Google has launched a very interesting new search option, with its Twitter archive. What this does is let users search for a topic, and look at all available tweets about that topic in chronological order. If you want to see tweets about President Obama for example, you can do so by going to any year, month, or day and seeing what was said about him on Twitter. Google can do this since it has access to Twitter’s info, which allows Google to index its real-time Twitter results. A Google spokesperson tells WebProNews it would be possible to do something similar with other sites through PuSH.
To me, while this is an interesting way of searching Twitter (in fact, I called it what Twtiter search should be), it gets even more interesting if you consider that Google is developing a system for sites to push content to Google in real-time, via PubSubHubbub (or PuSH). Google’s Matt Cutts spoke with WebProNews about potential PuSH integration recently (read about it more here):
Will Google make it an option to browse entire archives of sites in a similar fashion to what it is doing with Twitter? This could be a quite useful feature, and it would certainly fall along the lines of "organizing the world’s information." Let’s say I remember reading a New York Times article several months back that I’d like to reference in one of my own articles, but I can’t remember what it was called exactly, and I have a hard time finding it through a traditional web search. Being able to drill down into the archives in this way could make the search process much more helpful – a better user experience.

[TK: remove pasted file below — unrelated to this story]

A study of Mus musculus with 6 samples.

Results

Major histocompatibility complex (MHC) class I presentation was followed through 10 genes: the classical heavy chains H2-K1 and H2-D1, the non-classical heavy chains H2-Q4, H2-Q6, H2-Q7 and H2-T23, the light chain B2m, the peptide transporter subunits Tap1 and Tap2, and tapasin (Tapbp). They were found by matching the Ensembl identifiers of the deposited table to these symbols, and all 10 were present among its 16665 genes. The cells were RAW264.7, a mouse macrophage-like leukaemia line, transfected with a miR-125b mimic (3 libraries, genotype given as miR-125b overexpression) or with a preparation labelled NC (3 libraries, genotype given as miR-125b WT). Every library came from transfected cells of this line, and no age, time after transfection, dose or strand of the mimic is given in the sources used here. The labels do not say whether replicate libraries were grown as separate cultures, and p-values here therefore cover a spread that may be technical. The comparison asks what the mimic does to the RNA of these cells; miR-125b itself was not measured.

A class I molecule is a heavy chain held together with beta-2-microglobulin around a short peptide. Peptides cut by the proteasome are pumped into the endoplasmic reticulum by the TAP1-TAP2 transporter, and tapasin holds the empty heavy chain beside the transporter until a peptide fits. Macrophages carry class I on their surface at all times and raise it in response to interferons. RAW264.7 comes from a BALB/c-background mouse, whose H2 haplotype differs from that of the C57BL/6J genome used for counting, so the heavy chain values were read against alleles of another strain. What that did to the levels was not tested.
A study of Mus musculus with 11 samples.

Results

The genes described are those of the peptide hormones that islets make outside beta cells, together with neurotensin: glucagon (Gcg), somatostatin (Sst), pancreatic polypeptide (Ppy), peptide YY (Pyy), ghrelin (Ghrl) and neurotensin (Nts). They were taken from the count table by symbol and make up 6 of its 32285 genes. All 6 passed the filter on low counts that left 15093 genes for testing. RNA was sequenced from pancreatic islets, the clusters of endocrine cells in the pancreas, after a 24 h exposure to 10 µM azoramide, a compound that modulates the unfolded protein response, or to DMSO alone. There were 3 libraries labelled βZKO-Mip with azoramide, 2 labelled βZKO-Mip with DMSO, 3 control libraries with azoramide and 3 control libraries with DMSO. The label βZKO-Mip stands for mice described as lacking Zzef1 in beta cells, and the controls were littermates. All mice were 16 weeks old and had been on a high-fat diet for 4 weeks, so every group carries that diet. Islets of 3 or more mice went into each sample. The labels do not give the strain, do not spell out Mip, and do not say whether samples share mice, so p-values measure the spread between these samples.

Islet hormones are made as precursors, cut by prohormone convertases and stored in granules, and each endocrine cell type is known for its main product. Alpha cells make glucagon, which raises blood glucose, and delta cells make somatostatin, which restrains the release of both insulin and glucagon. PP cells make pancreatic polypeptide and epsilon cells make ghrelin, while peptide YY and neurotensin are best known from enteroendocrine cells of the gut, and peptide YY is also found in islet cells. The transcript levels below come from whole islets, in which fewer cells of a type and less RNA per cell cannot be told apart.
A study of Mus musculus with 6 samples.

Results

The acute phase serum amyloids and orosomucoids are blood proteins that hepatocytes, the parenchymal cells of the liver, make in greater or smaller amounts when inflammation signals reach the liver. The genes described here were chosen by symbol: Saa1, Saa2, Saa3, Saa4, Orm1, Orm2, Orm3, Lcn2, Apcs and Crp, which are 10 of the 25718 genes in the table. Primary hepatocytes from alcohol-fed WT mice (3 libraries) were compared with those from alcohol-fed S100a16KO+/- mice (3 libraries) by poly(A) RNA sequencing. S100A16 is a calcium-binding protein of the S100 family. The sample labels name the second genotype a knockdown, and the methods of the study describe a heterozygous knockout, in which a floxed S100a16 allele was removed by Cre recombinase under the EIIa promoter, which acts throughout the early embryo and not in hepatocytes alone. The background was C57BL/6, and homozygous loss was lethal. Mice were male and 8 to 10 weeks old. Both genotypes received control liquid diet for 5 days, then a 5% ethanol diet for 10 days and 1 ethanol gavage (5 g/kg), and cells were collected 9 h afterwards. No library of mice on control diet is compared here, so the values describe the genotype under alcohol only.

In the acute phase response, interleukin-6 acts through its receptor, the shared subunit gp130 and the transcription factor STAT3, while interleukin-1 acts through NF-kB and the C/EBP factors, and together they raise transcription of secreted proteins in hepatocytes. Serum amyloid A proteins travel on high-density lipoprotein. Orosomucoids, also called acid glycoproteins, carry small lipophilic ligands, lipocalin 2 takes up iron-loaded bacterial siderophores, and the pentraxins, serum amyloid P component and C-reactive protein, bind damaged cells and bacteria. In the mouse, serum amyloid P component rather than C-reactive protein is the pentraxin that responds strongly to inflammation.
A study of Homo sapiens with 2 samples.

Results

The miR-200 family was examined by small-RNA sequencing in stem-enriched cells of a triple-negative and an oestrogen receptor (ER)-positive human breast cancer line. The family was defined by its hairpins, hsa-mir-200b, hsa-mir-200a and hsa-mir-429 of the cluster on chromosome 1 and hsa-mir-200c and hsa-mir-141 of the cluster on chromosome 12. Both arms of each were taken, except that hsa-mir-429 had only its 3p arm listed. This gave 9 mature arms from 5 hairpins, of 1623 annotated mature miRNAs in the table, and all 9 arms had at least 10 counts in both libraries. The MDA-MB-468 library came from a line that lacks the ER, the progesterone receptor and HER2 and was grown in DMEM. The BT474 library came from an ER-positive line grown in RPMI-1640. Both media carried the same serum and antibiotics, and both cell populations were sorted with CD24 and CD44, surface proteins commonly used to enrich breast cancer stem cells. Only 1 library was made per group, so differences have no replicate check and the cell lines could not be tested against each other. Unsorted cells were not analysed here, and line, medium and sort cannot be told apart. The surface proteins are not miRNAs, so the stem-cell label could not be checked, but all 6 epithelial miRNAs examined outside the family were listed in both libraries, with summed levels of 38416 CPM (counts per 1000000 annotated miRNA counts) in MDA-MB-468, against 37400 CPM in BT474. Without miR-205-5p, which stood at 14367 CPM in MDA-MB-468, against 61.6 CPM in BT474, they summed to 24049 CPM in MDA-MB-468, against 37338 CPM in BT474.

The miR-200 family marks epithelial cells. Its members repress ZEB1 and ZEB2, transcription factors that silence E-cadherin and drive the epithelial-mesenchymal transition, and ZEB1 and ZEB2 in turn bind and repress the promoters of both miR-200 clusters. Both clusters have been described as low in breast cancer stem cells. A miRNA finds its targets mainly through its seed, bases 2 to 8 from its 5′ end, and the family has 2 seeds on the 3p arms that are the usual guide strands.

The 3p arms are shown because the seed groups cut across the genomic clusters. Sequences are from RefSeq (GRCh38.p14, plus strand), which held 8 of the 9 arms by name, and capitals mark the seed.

Of course most content sites have their own search features (sometimes even provided by Google), and you could try using that, but quite frankly these site search features aren’t always that great. In fact, they’re very often terrible. Google knows search, and it is still the most dominant search destination. It would make a ton of sense for such an option to be available.
I reached out to Google to see if this was a potential option. "The scenario described is indeed possible but we don’t have anything to announce today," a Google spokesperson tells me. To be clear, when he says "possible," he’s referring to the technology making such a scenario possible. As he said, there’s no announcement, and this may not even be on Google’s list of things to do. But, you never know.
Google Labs already has a timeline feature for news.
Would you like to see Google offer timeline-like archives of site updates? Tell us what you think.